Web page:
Discovery change draws victims’ rights concern

Local News

Monroe County DA fears shorter window to hand over evidence will encourage witness tampering

ROCHESTER, N.Y. (WROC-TV) — 15 days.

That’s how many days after an arraignment prosecutors in New York state will have to hand over all the evidence they have to a defendant’s legal team starting on Jan.1.

It’s a shortened window that’s part of the state’s broad new criminal justice reform package and it has Monroe County District Attorney Sandra Doorley concerned.

“In this county we have had cases of witness intimidation and witness tampering so now we have to be aware of that within 15 days,” Doorley, a Republican, said. “Before we were giving that information out but it was well after the crime, and sometimes cooler heads would prevail, time would expire, and giving it out 45 days after didn’t cause as many issues as I see giving it out within 15 days.”

Local defense attorney Mark Foti takes issue with Doorley’s argument calling it speculation.

“The idea that that evidence is disclosed in the beginning case, it doesn’t really create a reason to believe that there would be any higher degree of witness tampering and there isn’t a high risk in any other case, but it does create a level of fairness between the prosecution who knows what evidence they have to employ or what their case looks like and the defense now has a picture of what that looks like and can make decisions based on that,” Foti said.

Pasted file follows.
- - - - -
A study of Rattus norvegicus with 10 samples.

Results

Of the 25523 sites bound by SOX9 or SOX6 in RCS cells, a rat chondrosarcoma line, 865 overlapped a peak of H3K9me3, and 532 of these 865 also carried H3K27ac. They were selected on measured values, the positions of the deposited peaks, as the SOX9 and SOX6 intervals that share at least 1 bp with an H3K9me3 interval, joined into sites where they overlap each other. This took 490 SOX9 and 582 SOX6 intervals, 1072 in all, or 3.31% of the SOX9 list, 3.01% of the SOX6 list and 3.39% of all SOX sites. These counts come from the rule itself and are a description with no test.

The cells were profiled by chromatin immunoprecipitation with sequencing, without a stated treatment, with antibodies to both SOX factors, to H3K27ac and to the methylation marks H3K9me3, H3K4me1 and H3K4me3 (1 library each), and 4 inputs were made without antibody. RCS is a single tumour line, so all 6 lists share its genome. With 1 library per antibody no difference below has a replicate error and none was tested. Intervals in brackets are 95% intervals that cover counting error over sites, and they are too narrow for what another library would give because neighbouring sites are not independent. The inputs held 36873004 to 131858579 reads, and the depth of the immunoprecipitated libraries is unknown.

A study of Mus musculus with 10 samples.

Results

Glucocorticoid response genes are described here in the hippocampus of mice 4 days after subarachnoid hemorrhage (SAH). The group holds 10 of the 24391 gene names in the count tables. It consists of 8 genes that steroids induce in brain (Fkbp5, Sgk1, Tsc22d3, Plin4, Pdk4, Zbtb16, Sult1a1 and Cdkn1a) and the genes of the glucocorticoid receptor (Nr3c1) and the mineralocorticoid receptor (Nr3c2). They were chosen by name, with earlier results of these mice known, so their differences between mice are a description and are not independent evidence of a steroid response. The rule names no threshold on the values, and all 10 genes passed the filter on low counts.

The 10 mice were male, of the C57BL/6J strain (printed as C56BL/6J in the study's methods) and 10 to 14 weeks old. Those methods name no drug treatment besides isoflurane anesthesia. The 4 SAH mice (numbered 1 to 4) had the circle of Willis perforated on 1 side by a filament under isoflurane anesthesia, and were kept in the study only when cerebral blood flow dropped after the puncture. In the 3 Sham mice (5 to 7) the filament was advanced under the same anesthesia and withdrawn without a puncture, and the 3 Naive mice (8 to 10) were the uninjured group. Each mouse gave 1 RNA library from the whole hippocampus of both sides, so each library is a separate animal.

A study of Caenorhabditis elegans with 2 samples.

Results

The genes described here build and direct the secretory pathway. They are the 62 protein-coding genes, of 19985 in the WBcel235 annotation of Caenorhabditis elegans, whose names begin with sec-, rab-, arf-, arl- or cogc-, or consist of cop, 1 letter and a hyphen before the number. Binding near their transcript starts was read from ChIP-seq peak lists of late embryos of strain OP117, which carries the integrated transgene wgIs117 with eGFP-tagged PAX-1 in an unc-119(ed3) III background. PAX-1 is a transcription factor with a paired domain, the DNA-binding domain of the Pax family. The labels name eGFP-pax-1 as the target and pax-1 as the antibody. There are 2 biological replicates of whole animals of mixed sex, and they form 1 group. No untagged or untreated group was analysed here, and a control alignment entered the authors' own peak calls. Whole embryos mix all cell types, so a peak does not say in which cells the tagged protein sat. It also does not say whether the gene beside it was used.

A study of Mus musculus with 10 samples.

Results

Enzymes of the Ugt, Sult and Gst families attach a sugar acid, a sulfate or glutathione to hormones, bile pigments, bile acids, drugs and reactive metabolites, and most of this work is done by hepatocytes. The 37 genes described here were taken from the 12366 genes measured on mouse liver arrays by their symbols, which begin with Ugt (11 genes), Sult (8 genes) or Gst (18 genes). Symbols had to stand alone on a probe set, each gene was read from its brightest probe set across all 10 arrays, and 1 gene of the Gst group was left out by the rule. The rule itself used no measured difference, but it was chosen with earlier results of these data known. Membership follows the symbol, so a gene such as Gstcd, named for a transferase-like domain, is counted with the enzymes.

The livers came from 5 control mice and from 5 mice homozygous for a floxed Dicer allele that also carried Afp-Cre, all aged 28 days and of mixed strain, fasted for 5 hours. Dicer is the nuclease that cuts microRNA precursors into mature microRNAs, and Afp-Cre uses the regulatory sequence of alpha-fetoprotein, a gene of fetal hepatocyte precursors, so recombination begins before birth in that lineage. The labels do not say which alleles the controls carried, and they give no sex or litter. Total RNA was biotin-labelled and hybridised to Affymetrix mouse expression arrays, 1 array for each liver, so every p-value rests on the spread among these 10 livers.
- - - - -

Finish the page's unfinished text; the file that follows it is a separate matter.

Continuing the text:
Jennifer Sullivan, who combats domestic violence as assistant director of community programs at Willow Center, says victims of domestic violenece might be hesitant to come forward if they know their abuser will have private information 2 weeks after an arrest.

“When a survivor decides to leave a domestic violence situation, that’s the most lethal time for a survivor and that’s the time we’re not going to take into account the victim’s safety that is a huge concern that we have,” Sullivan said.

In response to that concern, Assembymember Jamie Romeo, a Democrat, said the law allows prosecutors to petition the court to obtain a protective order that prevents the release of certain information.

“Because we’re not the first state to do this, I think people feel more confidant that we’ve left the resources and the tools in there for prosecutors to take if they feel they need to and to leave that to a judge’s decision. This just creates a set of standards now for both sides to give them that same amount of time before they go to trial,” Romeo said.